WASHINGTON (Reuters) -Five countries – Argentina, Trinidad and Tobago, Mexico, Brazil and Chile – nominated candidates for president of the Inter-American Development Bank ahead of a Nov. 20 board election, the bank said on Saturday.
Argentina had announced on Friday that it would nominate international economic relations Secretary Cecilia Todesca Bocco. Also previously nominated were Mexico’s central bank Deputy Governor Gerardo Esquivel and Chile’s former Finance Minister Nicolas Eyzaguirre.
Brazil’s outgoing President Jair Bolsonaro nominated former central bank chief Ilan Goldfajn, who heads the International Monetary Fund’s Western Hemisphere department.
Trinidad and Tobago nominated Gerard Johnson, a former IDB official now serving as a senior consultant to the Jamaican finance ministry, for the post.
The deadline for submitting nominations was 11:59 p.m. on Friday, the IDB said.
The IDB’s governors, who are usually finance ministers or other high-ranking economic authorities from the Bank’s 48 member countries, will interview the candidates at a virtual meeting on Nov. 13, with the election to follow at a hybrid meeting a week later, it said.
An aide to Brazilian President-elect Luiz Inacio Lula da Silva is seeking to delay the election until next year so that Brazil’s nomination can reflect the newly elected leader.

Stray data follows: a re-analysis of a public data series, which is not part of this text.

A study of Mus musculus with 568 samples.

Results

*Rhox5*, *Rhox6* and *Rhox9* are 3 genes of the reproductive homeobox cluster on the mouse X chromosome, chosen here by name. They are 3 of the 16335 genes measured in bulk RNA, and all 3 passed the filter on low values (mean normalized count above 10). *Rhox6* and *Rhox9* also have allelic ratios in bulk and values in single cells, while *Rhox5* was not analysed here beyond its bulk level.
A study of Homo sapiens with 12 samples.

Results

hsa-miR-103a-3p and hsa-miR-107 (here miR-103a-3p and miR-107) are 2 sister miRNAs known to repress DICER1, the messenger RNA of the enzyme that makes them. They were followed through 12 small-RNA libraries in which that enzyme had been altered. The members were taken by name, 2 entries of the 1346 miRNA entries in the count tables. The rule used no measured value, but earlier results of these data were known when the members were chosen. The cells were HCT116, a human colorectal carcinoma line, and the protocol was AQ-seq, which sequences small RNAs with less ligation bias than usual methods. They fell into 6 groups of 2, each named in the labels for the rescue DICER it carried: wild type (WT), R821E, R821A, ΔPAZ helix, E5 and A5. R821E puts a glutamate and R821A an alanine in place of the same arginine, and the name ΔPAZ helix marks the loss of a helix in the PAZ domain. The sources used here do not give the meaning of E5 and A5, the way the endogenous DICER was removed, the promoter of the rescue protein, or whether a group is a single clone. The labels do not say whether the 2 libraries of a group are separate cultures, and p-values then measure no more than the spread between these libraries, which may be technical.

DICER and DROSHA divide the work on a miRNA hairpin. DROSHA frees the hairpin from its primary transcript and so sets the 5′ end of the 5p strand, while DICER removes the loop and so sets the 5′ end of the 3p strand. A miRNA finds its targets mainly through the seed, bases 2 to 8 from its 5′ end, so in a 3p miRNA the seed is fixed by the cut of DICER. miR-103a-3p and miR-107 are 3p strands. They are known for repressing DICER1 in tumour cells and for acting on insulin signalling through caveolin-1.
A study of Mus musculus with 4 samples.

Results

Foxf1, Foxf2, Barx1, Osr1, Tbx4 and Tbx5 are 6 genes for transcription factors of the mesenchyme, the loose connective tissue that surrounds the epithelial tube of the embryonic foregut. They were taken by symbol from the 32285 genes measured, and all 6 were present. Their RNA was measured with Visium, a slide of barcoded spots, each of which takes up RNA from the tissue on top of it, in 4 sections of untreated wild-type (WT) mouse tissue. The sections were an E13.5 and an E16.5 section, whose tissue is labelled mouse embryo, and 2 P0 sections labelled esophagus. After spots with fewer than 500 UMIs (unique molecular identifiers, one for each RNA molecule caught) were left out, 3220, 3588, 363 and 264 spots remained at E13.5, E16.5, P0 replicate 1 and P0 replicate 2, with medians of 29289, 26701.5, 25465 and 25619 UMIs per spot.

Former Finance Minister Guido Mantega said he sent a letter to U.S. Treasury Secretary Janet Yellen to support a delay.
A Treasury spokesperson said Washington was not in favor.
“The rules for elections are clear and we expect the elections to occur on the agreed timeline. The nominations period just closed and the U.S. is carefully assessing each candidate,” the spokesperson said.
The U.S. Treasury, which did not nominate any candidate for the leadership role, holds 30% voting power in the bank, followed by Brazil (11%) and Argentina (11%). Colombia and Chile each hold a 3% stake.
Former President Mauricio Claver-Carone, the first American to hold the job, was ousted in an ethics scandal last month.
(Reporting by Andrea Shalal; Editing by William Mallard, Stephen Coates and Diane Craft)
Disclaimer: This report is auto generated from the Reuters news service. ThePrint holds no responsibilty for its content.